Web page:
Jun 19, 2011, 3:00 PM EDT
This is like some crazy train of poor decision making and it just jumps from car to car to car. Let me try and trace this back for you.
Hedo Turkoglu looks awesome in the 2009 NBA playoffs, helping the Orlando Magic make it all the way to the NBA Finals. He rebounds, runs point forward, hits threes, the works. It’s a bright, bright, sun-shiny free agency day for Turkolu when he hits the open market that summer. The Magic decide to let him go by the wayside, instead opting to take on Vince Carter and his ridiculous contract which pays him $16 million in 2009-2010, largely to miss games with minor injuries, miss free throws and not be able to carry a team at all like he did back when he could… in the Mesozoic era.
The Portland Trail Blazers and Toronto Raptors get into a bidding war over Turkoglu’s services, despite many intelligent people saying this was a bad idea given Turkoglu’s age and declining abilities. Many of these people aren’t even on the internet. The Blazers think they have their man but dodge a huge bullet when Turkoglu instead opts for Toronto. Toronto pays him a huge sum of money, and he is terrible. Absolutely terrible, worse than even the harshest critics thought. He says he feels “wronged” by Toronto management (the same people that gave his elderly self that ginormous contract) and he’s eventually traded, because the Phoenix Suns lose Amar’e Stoudemire and are desperate for any forward they can get their hands on. They trade their expiring contract of Leandro Barbosa and pieces for Turkoglu, hoping he can rekindle some magic.
Meanwhile, the Magic have gone on and taken a big step backwards with Carter as it becomes apparent that not only is he not the high-flying, dagger-dropping Carter of old, he’s not even a vacant shell of that. He’s incapable of running the pick and roll with Dwight Howard. Let me say that again. He couldn’t figure out how to run the pick and roll with the best center in the league who is an athletic freak of nature and who’s biggest talent offensively is working in the pick and roll. Carter struggles, struggles some more, has a late season breakout game where everyone says he’s back…. and then goes right back to being Vince Carter.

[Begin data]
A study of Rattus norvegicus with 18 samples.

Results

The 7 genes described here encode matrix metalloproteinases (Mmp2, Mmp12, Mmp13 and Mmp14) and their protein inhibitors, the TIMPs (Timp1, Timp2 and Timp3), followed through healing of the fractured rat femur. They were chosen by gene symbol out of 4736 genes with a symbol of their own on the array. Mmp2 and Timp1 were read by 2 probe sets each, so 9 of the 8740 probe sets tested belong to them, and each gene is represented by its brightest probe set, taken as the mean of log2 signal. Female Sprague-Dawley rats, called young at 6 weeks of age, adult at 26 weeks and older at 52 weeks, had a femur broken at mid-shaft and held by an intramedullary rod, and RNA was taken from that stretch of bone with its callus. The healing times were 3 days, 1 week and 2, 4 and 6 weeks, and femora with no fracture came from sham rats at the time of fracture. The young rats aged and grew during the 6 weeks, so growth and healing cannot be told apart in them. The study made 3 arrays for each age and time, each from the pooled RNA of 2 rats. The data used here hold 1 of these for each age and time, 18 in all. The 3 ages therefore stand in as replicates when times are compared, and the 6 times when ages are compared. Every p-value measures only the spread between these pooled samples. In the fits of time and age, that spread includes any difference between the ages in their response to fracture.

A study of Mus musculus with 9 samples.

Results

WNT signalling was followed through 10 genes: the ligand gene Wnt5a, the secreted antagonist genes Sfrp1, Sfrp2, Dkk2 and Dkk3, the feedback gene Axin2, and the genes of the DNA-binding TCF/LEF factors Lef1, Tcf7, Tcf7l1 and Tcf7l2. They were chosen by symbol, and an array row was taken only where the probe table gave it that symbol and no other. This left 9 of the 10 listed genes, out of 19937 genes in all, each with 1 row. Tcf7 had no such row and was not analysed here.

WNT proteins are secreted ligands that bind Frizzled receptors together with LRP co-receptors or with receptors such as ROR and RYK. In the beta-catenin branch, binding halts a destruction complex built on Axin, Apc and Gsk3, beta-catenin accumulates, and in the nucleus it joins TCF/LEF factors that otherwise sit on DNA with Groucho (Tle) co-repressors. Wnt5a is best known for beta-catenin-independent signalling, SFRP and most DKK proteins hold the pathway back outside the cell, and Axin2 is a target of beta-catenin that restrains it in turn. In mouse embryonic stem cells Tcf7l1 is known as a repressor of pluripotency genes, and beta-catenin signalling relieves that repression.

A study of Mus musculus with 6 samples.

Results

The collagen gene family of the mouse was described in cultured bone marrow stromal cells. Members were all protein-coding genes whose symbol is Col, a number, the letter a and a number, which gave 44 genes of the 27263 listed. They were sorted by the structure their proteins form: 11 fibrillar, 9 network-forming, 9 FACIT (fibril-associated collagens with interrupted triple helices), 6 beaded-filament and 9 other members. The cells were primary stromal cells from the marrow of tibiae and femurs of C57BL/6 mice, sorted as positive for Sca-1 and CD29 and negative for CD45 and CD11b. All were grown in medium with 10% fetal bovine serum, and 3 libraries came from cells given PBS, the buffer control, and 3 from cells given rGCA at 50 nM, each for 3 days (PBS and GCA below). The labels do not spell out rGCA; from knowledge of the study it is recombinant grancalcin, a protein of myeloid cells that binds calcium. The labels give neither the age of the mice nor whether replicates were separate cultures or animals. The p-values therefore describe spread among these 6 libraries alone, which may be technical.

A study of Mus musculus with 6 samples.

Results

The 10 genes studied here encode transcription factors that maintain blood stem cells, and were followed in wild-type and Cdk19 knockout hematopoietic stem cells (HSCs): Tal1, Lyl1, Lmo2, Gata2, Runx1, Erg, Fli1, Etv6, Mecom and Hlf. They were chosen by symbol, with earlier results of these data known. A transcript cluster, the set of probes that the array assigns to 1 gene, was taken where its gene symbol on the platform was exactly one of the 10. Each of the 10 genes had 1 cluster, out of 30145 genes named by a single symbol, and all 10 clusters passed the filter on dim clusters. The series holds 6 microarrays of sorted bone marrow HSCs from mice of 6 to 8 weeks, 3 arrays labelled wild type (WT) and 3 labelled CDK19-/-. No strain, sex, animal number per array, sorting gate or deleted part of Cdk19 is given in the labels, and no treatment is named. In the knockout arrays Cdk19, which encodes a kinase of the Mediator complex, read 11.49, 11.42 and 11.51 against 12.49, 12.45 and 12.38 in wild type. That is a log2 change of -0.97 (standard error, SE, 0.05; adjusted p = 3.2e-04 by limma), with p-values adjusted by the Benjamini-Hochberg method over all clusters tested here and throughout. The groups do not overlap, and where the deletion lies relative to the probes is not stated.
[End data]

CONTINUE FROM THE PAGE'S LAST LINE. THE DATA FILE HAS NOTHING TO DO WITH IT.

So the Magic get desperate to trade him as they frantically try and hold onto Dwight Howard and prop the championship window open. The Suns meanwhile are looking to liquidate, now wanting expiring contracts, like the Barbosa one they shipped, and the Magic and Suns find themselves talking. Somehow in this process, the Suns let Jason Richardson, the younger, better player who actually contributes go in the deal, along with his $14 million expiring contract, just to get rid of Turkoglu. The Magic are willing to take on Turkoglu in order to get Richardson and because Turkoglu had had such success in Orlando. Also, they’re desperate.
So the Magic now have Turkoglu on the contract they knew they shouldn’t give him, because they opted to go after a player notorious for, well, being Vince Carter and who was aging. The Suns meanwhile, took on two more years of Vince Carter just to get rid of Turkoglu, and managed to nab Marcin Gortat, despite Gortat not being anywhere near the offensive weapon they need and regardless of their long-term prospects with Robin lopez.
The Raptors wind up with cap space. Bryan Colangelo is considered the worst of the three front offices. We haven’t even started to talk about Gilbert Arenas yet.
Anyway, the circle is almost complete as the Arizona Republic’s always reliable Paul Coro reports that the Suns are expected to buy out Vince Carter’s remaining year for $4 million instead of trying to move his final year on some other poor sap. Carter will then be a free agent in a dramatically different NBA free agency landscape following the CBA restructuring, but will inevitably get an offer from someone and probably start on top of it. The Magic will still have Turkoglu for the rest of eternity, and the Suns will pay $4 million to get rid of the player they acquired to get rid of Turkoglu, after the Raptors paid them to take him after they gave him the money the Magic knew they shouldn’t give him in the first place, which they are now paying him.
In unrelated news, NBA ownership meets with the player’s union again next week to continue discussions about how it’s the system which is unsustainable and that their economic troubles have nothing to do with their decision making on the open market.